Always remember: Firefighters’ ceremony honors first responders, Sept. 11 victims

9/11 remembrance ceremony carried out Saturday on Sauk Valley Community College grounds

Retired Dixon Fire Deputy Chief Mark Callison, right, directs the combined Color Guard of the American Legion, VFW and Blackhawk Firefighters Association during the Presentation of Colors on Saturday at Sauk Valley Community College.

DIXON - Leading up to the 22nd anniversary of the Sept. 11, 2001, terrorist attacks, a remembrance ceremony for first responders and that day’s victims took place Saturday on the grounds of Sauk Valley Community College.

The ceremony was hosted by the Blackhawk Firefighters Association and featured readings by local fire officials, a bell-ringing ceremony and speeches from local dignitaries honoring first responders and memorializing those who died in the terrorist attacks on the twin towers, the Pentagon and Flight 93.

Amboy Fire Chief Jeff Bryant introduced the event’s speakers, which included Dixon Mayor Glen Hughes, Dixon City Manager Danny Langloss, Sauk Valley Community College Vice President of Academics and Student Services Jon Mandrill, Kyle Ferrebee of the Young America’s Foundation and Illinois State Rep. Brad Fritts, R-Dixon.

Local firefighters also read passages about the events of Sept. 11.

Dixon Fire Chief Ryan Buskohl’s reading was titled “Never Forgetting is Never Forgetting.”

“Always remember ... You’re going to see the words ‘never forget’ today. A lot. And it bothers me,” he read. “It’s a fact of life that we can’t forget what happened. I hate the words never forget. It’s a double negative that does no one any good. I personally choose to ‘always remember.’ Always remember the loss of innocent life, and the bravest act mankind can embark on, giving their life so that another may live. It was done over and over and over that day. Some made the ultimate sacrifice, others got lucky and survived.

“September 11th was the worst day we have ever experienced as a society. However, it’s also the brightest, most incredible example there is of our ability to do good and care for others. And love.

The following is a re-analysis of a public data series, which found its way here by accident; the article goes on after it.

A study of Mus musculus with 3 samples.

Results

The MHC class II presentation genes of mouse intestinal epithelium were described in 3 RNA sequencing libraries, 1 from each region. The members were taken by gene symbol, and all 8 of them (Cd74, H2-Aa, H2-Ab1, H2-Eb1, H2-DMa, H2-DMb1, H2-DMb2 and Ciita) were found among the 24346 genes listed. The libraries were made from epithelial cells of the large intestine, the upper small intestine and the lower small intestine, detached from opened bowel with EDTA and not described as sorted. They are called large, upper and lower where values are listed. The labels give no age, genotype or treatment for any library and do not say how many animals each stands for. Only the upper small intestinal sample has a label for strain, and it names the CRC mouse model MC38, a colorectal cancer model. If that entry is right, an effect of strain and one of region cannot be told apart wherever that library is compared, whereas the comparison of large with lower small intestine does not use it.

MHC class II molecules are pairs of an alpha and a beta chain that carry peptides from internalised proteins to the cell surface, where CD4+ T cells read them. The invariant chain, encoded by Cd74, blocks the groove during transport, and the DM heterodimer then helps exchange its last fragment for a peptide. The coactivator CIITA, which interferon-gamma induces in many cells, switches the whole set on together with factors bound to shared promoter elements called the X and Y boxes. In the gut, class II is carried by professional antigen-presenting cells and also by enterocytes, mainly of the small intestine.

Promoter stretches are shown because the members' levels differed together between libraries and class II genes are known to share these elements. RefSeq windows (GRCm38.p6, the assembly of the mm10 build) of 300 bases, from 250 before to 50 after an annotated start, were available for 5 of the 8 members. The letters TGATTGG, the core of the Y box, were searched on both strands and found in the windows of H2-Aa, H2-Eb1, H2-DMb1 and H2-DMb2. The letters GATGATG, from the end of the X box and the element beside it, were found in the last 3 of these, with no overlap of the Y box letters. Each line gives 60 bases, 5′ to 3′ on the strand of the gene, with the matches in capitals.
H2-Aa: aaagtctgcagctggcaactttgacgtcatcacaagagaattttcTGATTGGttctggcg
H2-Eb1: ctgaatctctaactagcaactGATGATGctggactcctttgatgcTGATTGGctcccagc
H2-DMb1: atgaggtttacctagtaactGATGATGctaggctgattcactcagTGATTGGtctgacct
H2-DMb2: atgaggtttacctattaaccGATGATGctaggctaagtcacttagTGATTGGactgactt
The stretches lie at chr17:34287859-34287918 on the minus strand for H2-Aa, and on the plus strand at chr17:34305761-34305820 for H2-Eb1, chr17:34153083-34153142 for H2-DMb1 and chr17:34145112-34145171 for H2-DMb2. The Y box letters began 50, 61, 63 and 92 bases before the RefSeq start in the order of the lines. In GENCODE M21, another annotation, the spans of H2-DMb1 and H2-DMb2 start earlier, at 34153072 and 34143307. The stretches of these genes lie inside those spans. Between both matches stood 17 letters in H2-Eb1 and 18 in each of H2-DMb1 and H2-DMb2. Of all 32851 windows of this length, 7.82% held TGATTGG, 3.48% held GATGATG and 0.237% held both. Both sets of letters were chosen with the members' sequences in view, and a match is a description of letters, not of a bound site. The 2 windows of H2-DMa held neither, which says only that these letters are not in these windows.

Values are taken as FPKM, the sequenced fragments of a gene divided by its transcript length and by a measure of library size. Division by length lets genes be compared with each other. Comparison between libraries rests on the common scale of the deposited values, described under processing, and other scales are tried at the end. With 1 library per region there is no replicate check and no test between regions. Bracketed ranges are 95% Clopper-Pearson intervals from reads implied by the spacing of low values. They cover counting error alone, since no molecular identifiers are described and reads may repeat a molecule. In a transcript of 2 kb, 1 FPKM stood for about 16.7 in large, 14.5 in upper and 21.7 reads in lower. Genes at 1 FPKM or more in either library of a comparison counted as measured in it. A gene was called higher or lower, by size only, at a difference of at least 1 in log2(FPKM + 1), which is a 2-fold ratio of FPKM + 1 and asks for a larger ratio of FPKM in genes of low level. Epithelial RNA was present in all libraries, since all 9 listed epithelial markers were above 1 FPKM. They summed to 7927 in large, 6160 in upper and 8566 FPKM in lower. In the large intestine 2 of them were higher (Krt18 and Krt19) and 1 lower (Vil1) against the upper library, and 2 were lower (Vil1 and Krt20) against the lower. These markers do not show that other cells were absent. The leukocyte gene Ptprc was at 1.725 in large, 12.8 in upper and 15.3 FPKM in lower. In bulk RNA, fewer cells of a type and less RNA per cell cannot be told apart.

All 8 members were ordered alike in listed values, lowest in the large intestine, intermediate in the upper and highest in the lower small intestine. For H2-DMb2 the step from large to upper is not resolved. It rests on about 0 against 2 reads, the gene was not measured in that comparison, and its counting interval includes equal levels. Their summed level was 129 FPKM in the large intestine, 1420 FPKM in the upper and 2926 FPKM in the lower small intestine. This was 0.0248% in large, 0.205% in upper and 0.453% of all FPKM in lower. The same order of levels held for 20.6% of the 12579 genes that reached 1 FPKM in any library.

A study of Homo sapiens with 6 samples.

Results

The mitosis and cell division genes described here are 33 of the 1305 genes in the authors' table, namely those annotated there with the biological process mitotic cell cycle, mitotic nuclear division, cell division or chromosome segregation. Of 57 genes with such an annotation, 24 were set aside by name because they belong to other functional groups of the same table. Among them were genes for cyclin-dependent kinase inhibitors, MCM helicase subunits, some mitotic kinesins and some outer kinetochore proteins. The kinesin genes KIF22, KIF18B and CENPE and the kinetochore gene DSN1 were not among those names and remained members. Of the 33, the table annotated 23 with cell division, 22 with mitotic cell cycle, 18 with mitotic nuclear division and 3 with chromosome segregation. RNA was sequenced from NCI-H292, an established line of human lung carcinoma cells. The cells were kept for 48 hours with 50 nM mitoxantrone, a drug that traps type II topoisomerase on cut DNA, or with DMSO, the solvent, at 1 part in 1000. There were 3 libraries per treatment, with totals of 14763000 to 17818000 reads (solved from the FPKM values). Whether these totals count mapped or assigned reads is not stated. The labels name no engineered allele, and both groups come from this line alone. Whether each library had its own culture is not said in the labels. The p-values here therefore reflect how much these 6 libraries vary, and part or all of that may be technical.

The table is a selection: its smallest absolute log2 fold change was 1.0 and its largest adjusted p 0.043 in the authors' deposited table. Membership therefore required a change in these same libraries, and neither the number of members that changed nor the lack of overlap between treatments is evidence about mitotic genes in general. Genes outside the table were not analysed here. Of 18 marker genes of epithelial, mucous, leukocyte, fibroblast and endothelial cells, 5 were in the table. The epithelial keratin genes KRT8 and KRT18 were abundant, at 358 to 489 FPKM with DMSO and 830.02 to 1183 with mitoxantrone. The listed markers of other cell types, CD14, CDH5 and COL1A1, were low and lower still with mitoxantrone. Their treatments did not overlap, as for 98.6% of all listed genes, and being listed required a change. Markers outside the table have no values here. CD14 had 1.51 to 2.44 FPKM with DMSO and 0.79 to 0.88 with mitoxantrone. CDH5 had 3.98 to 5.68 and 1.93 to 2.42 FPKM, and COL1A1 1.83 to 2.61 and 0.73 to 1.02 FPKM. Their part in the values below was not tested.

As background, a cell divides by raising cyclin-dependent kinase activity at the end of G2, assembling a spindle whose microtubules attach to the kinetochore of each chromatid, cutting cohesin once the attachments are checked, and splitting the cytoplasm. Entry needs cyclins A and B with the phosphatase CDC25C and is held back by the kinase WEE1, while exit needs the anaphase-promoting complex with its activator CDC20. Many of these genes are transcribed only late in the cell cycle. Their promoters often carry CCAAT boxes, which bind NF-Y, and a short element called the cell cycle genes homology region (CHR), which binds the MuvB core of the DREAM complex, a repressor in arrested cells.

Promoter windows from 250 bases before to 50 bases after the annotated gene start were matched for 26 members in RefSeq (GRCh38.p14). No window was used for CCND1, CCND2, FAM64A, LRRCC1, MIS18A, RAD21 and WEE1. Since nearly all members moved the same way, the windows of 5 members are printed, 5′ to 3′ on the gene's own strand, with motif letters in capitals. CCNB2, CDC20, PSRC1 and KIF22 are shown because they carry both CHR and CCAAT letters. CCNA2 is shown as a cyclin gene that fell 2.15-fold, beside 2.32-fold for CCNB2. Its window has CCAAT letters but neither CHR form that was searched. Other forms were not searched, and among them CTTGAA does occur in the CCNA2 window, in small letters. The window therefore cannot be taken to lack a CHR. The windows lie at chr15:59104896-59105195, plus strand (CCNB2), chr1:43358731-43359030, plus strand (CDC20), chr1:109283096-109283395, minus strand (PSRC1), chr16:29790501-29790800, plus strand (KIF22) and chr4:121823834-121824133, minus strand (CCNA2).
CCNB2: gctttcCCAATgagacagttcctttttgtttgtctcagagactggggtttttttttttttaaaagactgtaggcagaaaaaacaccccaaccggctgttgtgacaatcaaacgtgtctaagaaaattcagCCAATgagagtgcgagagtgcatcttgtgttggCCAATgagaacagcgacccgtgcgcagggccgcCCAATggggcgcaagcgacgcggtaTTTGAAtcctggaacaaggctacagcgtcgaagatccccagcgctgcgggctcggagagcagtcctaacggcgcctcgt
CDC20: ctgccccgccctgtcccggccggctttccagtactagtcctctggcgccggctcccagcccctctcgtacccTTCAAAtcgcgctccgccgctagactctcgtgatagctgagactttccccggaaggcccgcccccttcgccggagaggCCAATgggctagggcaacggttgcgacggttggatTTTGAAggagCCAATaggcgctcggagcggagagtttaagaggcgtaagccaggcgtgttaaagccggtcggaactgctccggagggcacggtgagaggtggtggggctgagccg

“We all remember where we were. Who we talked to. What we did. The emptiness we felt. The tears we shed. And the tears we shared. Those are things our brains will never let us forget, so let’s stop saying it. You can’t choose to forget. But always remembering is a choice. Remember love. Remember sacrifice. Remember we are one people united. Remember that hate can’t win when love is present. Remember that when others aim to divide us, our best option is to love them back.

“... You can’t choose to forget, but always remembering is a choice you can make. From all the bad that came from 9/11, it also exposed the amount of good Americans are capable of and the heroism we possess, and that’s worth remembering, always.”

Sublette Assistant Fire Chief Nick Dinges read “The Night Before.”

“… 22 years (Sept. 10) ago, 246 people went to sleep in preparation for their morning flights; 2,606 people went to sleep in preparation for work in the morning – 343 firefighters went to sleep in preparation for their morning shift,” he read.

“Sixty police officers went to sleep in preparation for morning patrol. Eight paramedics went to sleep in preparation for the morning shift. None of them saw past 10 a.m. Sept. 11, 2001.

“In one single moment, life may never be the same. As you live and enjoy the breaths you take today and tonight before you go to sleep in preparation for your life tomorrow, kiss the ones you love, snuggle a little tighter and never take one second of your life for granted.”

Charlene Bielema

Charlene Bielema

Charlene Bielema is the editor of Sauk Valley Media.